Data is growing in importance

Data is growing in importance daily, with new apps and software offering farmers the opportunity to increase its usefulness by way of both capture and interpretation.  Farm Business talks to two New Zealand companies, both with offices in the UK, about how this will help decision-making in the future.

“Data is vital… I feel a lot more could be captured on farm and turned into information to make decision-making easier and more effective,” says Tim Byrne, managing director of science and technology company AbacusBio. “Farmers are offered many products; what they need is to be able to get these different tools working together to manage a business”.

Both AbacusBio, and farm focused on-line software company Figured, are working on platforms and see integration of information as key to moving the industry forwards.

 “Most programs in the past have been clunky and manual, with a need to re-key a lot of basic information,” says Figured’s managing director David Kirby.  “That’s changing fast now, and anyone using cloud-based accounting systems such as ours, for example, should be able to draw down financial data easily.”

He says these new platforms offer an incredibly efficient way to share information, and points to banks, land agents and advisors who can operate much more effectively once information can be shared.  “Using this kind of platform is much quicker and should be cheaper for everyone… it also gives producers more time to work on their business rather than in the office.”

 Figured is investing heavily in data science and skills.  For example, partner banks or accountants will be able to model which of their customers would be most at risk if the milk price was to fall.  “This allows lenders and advisors to be pro-active in approach and contact their clients before problems arise,” he adds.

Mr Kirby believes farm subsidies have played a big role in insulating farmers from the underlying business, and that the time to share information, and use these tools to improve, is now.  “I think many have a disproportionate concern about sharing data. As long as you are getting value back, and the provider is transparent about what happens to your data – you should get going.  Entering a global marketplace, they need to understand how costs and profits stack up against others.  Without doubt it’s the best way to improve.”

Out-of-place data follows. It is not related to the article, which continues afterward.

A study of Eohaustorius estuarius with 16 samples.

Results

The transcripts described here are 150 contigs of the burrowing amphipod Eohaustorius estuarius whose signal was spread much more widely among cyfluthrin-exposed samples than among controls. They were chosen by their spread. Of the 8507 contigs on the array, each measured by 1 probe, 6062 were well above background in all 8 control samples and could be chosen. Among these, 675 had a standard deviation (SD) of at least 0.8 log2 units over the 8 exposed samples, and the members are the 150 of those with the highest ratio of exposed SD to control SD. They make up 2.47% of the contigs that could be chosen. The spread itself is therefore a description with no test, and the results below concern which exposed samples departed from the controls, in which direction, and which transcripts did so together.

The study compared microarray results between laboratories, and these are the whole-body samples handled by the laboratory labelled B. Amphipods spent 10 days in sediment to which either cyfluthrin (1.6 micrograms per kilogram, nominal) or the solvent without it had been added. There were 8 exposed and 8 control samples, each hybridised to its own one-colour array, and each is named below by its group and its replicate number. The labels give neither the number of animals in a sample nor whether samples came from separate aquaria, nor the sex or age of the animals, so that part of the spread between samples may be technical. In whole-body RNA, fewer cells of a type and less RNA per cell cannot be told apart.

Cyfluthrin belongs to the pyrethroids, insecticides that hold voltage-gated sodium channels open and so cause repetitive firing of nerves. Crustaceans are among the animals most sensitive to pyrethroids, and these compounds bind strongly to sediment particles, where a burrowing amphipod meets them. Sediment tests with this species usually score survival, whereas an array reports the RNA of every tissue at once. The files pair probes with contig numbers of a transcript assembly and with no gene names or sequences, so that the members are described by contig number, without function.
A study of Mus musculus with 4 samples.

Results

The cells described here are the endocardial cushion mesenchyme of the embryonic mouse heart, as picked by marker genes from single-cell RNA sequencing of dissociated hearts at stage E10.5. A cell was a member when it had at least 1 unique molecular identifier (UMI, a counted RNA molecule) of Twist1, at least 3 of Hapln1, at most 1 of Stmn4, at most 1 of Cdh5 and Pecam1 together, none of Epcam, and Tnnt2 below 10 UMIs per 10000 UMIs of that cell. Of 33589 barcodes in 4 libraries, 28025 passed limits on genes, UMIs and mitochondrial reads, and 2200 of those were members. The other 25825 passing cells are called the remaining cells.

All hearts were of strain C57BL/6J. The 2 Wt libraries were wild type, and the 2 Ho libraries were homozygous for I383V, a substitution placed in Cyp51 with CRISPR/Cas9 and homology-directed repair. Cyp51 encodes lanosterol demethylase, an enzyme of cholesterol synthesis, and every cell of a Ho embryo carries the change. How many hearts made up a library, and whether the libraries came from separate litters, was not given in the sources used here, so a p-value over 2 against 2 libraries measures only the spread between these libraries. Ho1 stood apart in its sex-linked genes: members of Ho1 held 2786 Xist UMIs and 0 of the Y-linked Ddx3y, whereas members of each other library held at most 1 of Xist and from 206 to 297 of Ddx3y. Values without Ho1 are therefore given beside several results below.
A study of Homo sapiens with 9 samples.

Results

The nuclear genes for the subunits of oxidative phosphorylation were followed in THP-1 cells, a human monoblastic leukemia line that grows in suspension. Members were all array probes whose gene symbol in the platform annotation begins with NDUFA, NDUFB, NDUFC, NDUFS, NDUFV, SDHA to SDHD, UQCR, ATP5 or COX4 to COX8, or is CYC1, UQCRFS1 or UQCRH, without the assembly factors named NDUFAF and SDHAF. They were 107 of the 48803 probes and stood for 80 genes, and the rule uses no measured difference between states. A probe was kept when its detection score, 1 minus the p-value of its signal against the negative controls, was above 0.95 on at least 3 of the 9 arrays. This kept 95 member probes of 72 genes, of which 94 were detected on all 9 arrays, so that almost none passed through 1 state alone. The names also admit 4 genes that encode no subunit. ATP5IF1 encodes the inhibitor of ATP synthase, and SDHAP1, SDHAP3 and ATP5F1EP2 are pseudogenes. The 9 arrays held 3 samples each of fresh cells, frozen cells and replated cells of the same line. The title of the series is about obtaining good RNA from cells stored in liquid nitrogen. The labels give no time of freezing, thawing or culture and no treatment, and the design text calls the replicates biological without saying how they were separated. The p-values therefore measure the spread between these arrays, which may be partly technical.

AbacusBio feels more effort has to go into demonstrating the value of information to farmer customers.  “Often, researchers focus on the features of what they are innovating, different skills are required to show the value proposition to farmers,” says Mr Byrne.

This company is analysing datasets that will help to understand greenhouse gas efficiency of both dairy and beef cattle, for example.  “Which breeds, which feeding regimes and finishing systems are the best for our planet? How does genetic merit contribute?” he asks.  “We can understand how genetic selection tools can contribute to GHG mitigation; in time farmers can benefit from this. .

We’re this doing work, because our clients feel it’ll become a necessity for food producers to demonstrate they’re taking care of the planet, while producing high quality food.  The consumer will drive environmental mitigation and, if we want to continue to keep a social license to farm, we have to demonstrate we are doing the ‘right’ things. To do that, we must have the data to support it.  

“While the UK does buy into a lot of agricultural research, it’s sometimes surprising to see how little of it gets implemented on farm.  Take genetics – dairy farmers have been quick to see the advantages of using improved genetics, but less so beef and sheep producers?  There’s lots of potential in  genetic improvement, often untapped.”

 


John Swire - Deputy editor of Agronomist and Arable Farmer as well as responsibility for the Agronomist and Arable Farmer and Farm Business websites. After 17 years milking cows on the family farm John started writing about agriculture in 1998 and has since written for a variety of publications and has developed a wide circle of contacts within the industry. When not working John is a season ticket holder at Stoke City and also of late has become a fitness freak, listing cycling, swimming and walking as his exercises of choice.